Tom Wrixton has Parkinson’s disease, but for one hour a week, the reflection in the gym mirror is one of a boxer: punching, jabbing and dancing with ease and grace.

Wrixton, 76, is a member of Rock Steady Boxing, a Parkinson’s disease exercise and therapy program that’s been taking the country — and those with Parkinson’s — by storm.

The Rock Steady Boxing wave came to Kenosha July 23 and is now held weekly at Go the Distance Fitness, 7707 Sheridan Road.

Dan Ouimet, owner of the gym, had been working with boxers who had Parkinson’s disease when, in April, he offered space for a new Parkinson’s support group.

The support group is facilitated by Julie Nellessen, an emergency room trauma nurse for Aurora Hospital who was diagnosed with Parkinson’s disease in 2014. She became a trained Rock Steady Boxing affiliate coach last year and was excited about Oiumet’s offer of space and sessions at his gym.

Ouimet says he was glad to partner with Nellessen as well. “I love it!” he said.

The Rock Steady boxers — six as of mid-August — gather at the gym Tuesday afternoons, several accompanied by family members.

Oiumet guides boxing moves as Nellessen offers support, guidance and encouragement.

The sessions consist of warm-ups, a circuit of exercises and a cool-down period.

They work on form — arms, head, hands and center of gravity, Nellessen said. “Each activity is geared to address physical challenges including balance, strength and flexibility,” she said.

Boxing moves include punching, ducking, weaving and shifting weight. Other exercises — using a hula hoop, yelling as loud as possible or working out math problems from flash cards — also work to decrease symptoms of Parkinson’s disease.

Nellessen says she switches up the exercise circuit every two weeks to keep things interesting.

Once boxers wrap their hands and don boxing gloves provided by the gym, Ouimet runs drills.

“Slip, slip, hook, right hand!” he calls out. Each of the boxers follows suit, checking the mirror for form.

This is non-contact boxing, the only contact being made with punching bags, notes Ouimet.

Each of the boxers has a “corner man,” the person in boxing who is in the corner of the ring, assisting during workouts and bouts. Here, however, “corner men” are husbands, wives and even granddaughters, lending support both physical and emotional to his or her boxer. Standing beside the boxer, they are there to steady him or her as needed and help with hand wrapping or putting on boxing gloves.

On a recent Tuesday, Bonnie Wrixton, 74, steadied the punching bag for her husband, Tom. With her hands up in boxer’s stance, she coached him in turning and ducking as Ouimet had just demonstrated.

Another source of advice and support comes from one of the boxers, Al Vittori, who has been living with Parkinson’s disease for 10 years.

From his wheelchair, the former weightlifter and boxing coach shares advice with the boxers on the floor. “I still enjoy helping,” said Vittori, 65, of Kenosha.

“I can still go six rounds on the heavy bag from my wheelchair,” he said. “I consider this therapy, not a (boxing) workshop.”

During one of the first classes, participants chose boxing names for themselves. One man who formerly rode motorcycles chose the name “Harley”; Wrixton dubbed himself “The Crusher.”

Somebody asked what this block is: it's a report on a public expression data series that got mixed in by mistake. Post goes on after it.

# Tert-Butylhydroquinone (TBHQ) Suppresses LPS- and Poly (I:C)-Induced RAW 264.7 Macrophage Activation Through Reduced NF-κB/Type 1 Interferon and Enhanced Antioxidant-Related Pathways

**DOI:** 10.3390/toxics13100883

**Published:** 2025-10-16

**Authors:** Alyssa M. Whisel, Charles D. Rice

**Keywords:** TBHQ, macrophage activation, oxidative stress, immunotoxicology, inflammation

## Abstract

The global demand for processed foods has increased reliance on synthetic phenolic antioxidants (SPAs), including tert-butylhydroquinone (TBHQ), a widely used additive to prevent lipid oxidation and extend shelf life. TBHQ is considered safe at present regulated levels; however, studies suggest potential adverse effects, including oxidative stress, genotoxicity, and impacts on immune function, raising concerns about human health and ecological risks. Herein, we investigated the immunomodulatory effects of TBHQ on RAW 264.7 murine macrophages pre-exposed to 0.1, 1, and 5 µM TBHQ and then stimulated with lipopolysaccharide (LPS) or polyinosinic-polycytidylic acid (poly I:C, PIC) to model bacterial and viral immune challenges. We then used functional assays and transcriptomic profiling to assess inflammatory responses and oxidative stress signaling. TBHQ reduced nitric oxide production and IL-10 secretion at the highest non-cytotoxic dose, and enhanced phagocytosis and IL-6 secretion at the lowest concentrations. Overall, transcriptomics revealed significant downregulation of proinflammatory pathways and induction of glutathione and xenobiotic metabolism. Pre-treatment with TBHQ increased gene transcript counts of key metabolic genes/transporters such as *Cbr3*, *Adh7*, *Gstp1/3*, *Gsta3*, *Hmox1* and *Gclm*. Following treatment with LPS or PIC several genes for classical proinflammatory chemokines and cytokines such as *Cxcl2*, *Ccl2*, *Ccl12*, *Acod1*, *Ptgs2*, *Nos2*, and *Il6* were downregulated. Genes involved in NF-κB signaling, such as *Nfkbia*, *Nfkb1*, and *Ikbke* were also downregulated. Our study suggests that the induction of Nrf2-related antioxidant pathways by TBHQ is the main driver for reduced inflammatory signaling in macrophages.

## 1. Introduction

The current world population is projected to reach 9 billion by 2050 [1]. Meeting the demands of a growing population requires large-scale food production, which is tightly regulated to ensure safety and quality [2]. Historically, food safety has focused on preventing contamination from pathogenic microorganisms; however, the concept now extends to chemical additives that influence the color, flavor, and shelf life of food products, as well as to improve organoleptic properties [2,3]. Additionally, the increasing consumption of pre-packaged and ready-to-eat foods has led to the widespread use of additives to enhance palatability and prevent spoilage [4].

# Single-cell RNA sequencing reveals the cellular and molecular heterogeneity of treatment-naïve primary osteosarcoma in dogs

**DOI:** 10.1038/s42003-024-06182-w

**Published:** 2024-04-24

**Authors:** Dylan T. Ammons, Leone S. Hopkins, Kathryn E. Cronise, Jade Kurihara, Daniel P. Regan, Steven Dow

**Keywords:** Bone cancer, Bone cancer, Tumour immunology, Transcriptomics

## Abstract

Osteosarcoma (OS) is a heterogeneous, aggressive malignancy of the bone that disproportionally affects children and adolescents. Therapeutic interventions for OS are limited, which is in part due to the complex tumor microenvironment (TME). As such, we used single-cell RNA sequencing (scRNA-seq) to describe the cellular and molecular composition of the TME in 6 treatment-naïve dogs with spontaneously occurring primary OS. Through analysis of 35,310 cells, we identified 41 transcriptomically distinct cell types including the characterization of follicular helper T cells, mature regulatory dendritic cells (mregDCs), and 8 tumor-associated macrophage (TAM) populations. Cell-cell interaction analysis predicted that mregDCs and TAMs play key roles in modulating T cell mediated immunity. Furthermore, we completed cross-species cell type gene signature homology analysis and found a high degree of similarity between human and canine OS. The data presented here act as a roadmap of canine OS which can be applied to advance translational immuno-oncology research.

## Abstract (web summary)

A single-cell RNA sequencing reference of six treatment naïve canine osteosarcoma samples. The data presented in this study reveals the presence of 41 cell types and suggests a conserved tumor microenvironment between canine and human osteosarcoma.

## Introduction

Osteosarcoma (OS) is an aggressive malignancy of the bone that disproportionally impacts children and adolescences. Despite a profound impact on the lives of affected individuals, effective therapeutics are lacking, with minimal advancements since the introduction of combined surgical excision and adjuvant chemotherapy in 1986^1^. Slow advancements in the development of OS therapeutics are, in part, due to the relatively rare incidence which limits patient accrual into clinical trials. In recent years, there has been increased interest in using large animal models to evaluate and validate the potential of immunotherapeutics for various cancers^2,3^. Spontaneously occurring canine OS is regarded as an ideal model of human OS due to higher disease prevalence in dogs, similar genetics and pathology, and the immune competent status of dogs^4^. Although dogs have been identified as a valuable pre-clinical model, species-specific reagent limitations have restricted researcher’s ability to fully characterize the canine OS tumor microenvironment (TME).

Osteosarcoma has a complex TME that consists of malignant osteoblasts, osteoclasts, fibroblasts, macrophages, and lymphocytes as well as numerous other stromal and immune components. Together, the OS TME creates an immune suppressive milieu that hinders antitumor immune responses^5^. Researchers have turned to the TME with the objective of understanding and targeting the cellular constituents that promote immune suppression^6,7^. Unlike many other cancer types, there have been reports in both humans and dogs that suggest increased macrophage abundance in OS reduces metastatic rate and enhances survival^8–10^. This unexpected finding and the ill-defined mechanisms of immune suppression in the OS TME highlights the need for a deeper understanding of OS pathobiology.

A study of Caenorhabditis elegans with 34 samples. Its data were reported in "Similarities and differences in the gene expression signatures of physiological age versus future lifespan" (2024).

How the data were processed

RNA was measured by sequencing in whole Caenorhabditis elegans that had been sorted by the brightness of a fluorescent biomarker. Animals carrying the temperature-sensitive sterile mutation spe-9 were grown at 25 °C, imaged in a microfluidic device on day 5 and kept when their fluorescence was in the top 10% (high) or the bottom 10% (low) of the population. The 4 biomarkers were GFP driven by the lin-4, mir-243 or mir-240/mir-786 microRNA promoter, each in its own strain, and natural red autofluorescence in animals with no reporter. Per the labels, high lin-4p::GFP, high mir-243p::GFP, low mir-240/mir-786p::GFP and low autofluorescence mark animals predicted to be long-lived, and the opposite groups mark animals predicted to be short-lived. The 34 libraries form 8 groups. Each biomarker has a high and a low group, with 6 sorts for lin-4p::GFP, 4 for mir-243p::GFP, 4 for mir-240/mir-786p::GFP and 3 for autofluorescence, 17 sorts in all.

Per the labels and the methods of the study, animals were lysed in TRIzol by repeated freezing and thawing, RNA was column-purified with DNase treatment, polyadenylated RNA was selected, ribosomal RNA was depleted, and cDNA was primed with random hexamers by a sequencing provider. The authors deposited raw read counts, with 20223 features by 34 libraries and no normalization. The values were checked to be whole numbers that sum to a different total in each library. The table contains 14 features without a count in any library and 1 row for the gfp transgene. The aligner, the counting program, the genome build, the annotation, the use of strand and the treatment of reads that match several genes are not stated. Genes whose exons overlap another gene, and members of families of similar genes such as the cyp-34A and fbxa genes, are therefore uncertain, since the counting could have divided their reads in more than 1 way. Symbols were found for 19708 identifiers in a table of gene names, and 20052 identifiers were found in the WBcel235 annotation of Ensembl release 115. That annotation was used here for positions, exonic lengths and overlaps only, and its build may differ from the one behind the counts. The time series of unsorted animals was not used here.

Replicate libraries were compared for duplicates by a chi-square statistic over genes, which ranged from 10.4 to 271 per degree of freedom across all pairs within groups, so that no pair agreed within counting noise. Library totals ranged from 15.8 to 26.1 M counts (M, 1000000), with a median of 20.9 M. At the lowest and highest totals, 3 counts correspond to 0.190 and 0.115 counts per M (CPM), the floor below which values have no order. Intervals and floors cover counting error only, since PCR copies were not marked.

“Just giving them boxing names has empowered them,” Nellessen said.

In addition to overseeing the program and its activities, Nellessen says she observes the progress of class members. “I live with the disease, too, and understand how medications can make for off times,” she said.

Laurie Couillard, of the Wisconsin Parkinson’s Association Group Engagement department, was also instrumental in getting the Kenosha Rock Steady Boxing class up and running.

“There are so many new (Rock Steady Boxing) affiliates popping up; it’s just fantastic,” she said. “It’s not surprising because people in these programs are seeing such an improvement in their balance, range of motion and flexibility.”

Craig Swanson, 66, of Pleasant Prairie, began working out with Ouimet last November, and continued as a Rock Steady boxer. “It’s an opportunity to get a good workout with people in a similar physical condition,” Swanson said.

Diagnosed with Parkinson’s about 14 years ago, Swanson says he had always been interested in boxing and is impressed with the Rock Steady Boxing sessions.

“I can look at others (in the class) and see how they’re moving and know what they’re feeling and experiencing,” Swanson said.

Others are likewise pleased with the class so far.

“I love the class,” said Joe DeCono, 84, a Kenosha resident recently diagnosed with Parkinson’s. “It’s good for you and I’ll do anything that will help.”

“It’s a lot of fun,” said Kurt Ida, 64, of Kenosha. Diagnosed a year ago with Parkinson’s, Ida said he also attends therapy and a dance class for those with Parkinson’s. “Otherwise I’d just stay at home and be upset,” he said.

“It’s wonderful having the class (in Kenosha),” said Bonnie Wrixton. “Before, we had to drive to Madison (for a Rock Steady Boxing class).”

From the sessions Tom has participated in so far, Bonnie and Nellessen say they see improvements in his balance.

“The high intensity workouts work at delaying onset of symptoms and when symptoms starts helps alleviate them,” Couillard said.

The boxing programs are also about camaraderie, say Nellessen and Couillard.

“The members are comfortable because everyone is struggling with the same symptoms — they’re fighting back together,” Couillard said.

“It’s overwhelming and addicting,” Nellessen said of the boxing program. “There are no judgments and no expectations.”

Nellessen said that plans are underway to offer more Rock Steady Boxing sessions at Go the Distance. “We’re finding there’s need and want to do more.”